A Psychotherapy for the People: Toward a Progressive Psychoanalysis


Inspired by the progressive and humanistic origins of psychoanalysis, Lewis Aron and Karen Starr pursue Freud's call for psychoanalysis to be a "psychotherapy for the people." They present a cultural history focusing on how psychoanalysis has always defined itself in relation to an "other." At first, that other was hypnosis and suggestion; later it was psychotherapy. The authors trace a series of binary oppositions, each defined hierarchically, which have plagued the history of psychoanalysis. Tracing reverberations of racism, anti-Semitism, misogyny, and homophobia, they show that psychoanalysis, associated with phallic masculinity, penetration, heterosexuality, autonomy, and culture, was defined in opposition to suggestion and psychotherapy, which were seen as promoting dependence, feminine passivity, and relationality. Aron and Starr deconstruct these dichotomies, leading the way for a return to Freud's progressive vision, in which psychoanalysis, defined broadly and flexibly, is revitalized for a new era.

A Psychotherapy for the People will be of interest to psychotherapists, psychoanalysts, clinical psychologists, psychiatrists--and their patients--and to those studying feminism, cultural studies and Judaism.

 


A Psychotherapy for the People
1
Chapter 2 Binaries Polarities and Thirds
30
Chapter 3 Guilt and Shame
51
Psychoanalysis and American Medicine
65
Chapter 5 Psychoanalysis in Uniform
79
Chapter 6 Psychoanalysis as War Hero
99
Chapter 7 Psychoanalysis as Holocaust Survivor
111
Definition via Binary Opposition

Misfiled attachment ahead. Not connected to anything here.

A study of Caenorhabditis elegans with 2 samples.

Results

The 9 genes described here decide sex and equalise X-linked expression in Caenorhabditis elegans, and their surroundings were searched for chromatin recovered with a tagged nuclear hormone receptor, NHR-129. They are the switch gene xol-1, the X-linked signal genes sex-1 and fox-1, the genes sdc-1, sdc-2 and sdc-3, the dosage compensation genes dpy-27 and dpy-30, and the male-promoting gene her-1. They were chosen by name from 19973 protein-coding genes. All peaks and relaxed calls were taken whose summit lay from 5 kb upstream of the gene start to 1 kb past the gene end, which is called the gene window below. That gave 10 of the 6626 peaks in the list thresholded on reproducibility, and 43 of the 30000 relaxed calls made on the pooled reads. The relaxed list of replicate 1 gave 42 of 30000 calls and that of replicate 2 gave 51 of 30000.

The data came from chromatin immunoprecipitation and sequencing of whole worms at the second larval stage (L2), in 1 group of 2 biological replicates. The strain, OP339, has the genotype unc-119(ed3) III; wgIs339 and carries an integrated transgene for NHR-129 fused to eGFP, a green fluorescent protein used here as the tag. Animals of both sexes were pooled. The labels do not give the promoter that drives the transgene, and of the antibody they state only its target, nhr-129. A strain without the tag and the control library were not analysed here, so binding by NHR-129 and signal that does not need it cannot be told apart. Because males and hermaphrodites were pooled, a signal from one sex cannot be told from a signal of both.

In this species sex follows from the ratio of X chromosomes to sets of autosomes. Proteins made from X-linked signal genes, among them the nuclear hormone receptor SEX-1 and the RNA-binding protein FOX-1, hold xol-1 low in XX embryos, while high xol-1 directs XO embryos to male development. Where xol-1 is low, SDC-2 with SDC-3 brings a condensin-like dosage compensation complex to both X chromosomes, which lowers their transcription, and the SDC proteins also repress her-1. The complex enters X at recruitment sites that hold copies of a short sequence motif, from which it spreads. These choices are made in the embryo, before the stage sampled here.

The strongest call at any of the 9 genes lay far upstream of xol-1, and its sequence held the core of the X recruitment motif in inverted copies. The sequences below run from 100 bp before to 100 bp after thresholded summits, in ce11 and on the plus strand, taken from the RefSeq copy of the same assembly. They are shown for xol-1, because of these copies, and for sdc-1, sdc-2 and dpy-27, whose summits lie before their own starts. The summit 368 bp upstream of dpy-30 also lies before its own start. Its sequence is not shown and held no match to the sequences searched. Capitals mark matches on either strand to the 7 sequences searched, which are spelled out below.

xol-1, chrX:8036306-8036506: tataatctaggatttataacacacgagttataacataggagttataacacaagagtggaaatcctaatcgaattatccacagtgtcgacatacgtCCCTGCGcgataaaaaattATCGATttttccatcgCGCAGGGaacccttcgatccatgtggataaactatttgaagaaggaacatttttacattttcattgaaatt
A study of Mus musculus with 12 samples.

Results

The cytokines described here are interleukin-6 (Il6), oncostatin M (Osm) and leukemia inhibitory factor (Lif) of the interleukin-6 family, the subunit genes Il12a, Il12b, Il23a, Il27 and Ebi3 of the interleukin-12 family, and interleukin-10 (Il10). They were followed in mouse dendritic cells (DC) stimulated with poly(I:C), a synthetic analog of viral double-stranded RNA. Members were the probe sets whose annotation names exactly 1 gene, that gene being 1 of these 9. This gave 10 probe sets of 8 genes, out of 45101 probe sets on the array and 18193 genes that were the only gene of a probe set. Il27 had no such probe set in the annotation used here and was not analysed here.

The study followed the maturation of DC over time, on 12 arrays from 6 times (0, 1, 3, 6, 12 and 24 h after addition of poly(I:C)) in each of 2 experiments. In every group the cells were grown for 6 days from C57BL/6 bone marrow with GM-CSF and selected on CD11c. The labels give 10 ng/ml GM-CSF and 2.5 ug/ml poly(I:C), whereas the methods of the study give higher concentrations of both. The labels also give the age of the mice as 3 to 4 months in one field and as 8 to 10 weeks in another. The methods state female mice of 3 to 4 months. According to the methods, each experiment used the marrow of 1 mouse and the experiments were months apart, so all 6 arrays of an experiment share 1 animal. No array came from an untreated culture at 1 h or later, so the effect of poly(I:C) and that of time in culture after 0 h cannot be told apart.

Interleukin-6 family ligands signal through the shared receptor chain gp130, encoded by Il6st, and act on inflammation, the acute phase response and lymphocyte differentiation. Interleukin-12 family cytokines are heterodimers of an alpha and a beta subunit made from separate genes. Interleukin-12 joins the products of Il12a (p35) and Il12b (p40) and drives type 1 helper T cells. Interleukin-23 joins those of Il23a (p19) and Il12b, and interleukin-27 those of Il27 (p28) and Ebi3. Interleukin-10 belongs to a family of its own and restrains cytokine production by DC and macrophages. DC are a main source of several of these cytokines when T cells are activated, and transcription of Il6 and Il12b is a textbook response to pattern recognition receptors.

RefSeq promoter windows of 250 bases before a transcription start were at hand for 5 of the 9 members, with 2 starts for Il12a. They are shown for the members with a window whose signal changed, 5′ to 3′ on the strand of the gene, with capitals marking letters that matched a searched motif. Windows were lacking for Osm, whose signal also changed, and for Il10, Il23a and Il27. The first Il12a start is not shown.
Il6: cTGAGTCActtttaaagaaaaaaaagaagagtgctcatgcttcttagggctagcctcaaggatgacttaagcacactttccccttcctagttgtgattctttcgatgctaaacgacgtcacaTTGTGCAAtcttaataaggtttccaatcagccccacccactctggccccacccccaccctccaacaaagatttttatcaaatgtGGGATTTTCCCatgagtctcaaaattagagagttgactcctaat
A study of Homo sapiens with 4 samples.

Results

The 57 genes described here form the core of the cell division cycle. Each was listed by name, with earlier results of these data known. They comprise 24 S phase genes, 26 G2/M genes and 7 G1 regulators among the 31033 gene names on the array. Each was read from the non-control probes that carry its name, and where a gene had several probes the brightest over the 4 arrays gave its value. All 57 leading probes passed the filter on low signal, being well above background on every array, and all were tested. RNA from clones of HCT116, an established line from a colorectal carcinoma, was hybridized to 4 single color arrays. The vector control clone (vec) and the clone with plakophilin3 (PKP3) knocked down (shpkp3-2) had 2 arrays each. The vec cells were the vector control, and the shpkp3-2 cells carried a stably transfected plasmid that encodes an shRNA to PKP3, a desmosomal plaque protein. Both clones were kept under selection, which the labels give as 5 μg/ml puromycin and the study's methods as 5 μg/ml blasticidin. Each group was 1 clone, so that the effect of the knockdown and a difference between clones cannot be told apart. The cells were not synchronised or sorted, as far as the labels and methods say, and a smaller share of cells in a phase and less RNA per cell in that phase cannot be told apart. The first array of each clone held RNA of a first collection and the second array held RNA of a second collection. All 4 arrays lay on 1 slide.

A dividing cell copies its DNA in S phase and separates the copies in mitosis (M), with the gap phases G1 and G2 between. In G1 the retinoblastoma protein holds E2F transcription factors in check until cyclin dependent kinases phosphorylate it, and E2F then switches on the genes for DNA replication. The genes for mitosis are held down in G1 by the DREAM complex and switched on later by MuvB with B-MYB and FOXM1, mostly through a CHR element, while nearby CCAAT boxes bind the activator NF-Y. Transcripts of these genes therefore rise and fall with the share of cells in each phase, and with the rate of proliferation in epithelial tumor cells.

128
Chapter 12 Freuds AntiSemitic Surround
228
Psychoanalysis Jewish Identity
254
Chapter 14 Universalizing the Jewish Problem
272
Wandering Jews
305
Chapter 16 Ethics Universalism and the Jewish Science
328
Can you say Shibboleth?
357
Chapter 18 Monsters Ghosts and Undecidables
380
References
403

Psychoanalysis as Superhero
166
Origins of Intrapsychic and Relational Models of Mind
182
Genital Stimulation and the Birth of Psychoanalysis
210


Lewis Aron is the Director of the New York University Postdoctoral Program in Psychotherapy and Psychoanalysis. He is author and editor of numerous articles and books on psychotherapy and psychoanalysis, including A Meeting of Minds and the Relational Perspectives Book Series. He was one of the co-founders of the journal Psychoanalytic Dialogues. He has served as President of the Division of Psychoanalysis (39) of the American Psychological Association; founding President of the International Association for Relational Psychoanalysis and Psychotherapy (IARPP); founding President of the Division of Psychologist-Psychoanalysts of the New York State Psychological Association (NYSPA). He is the co-founder and co-chair of the Sandor Ferenczi Center at the New School for Social Research, and is an Honorary Member of the William Alanson White Psychoanalytic Society. He practices and leads numerous study groups in New York City and Port Washington, NY.

Karen Starr is the author of Repair of the Soul: Metaphors of Transformation in Judaism and Psychoanalysis (Routledge, 2008). She is a candidate at the New York University Postdoctoral Program in Psychotherapy and Psychoanalysis, and a recipient of the Ruth Stein Prize. She is in private practice in New York City.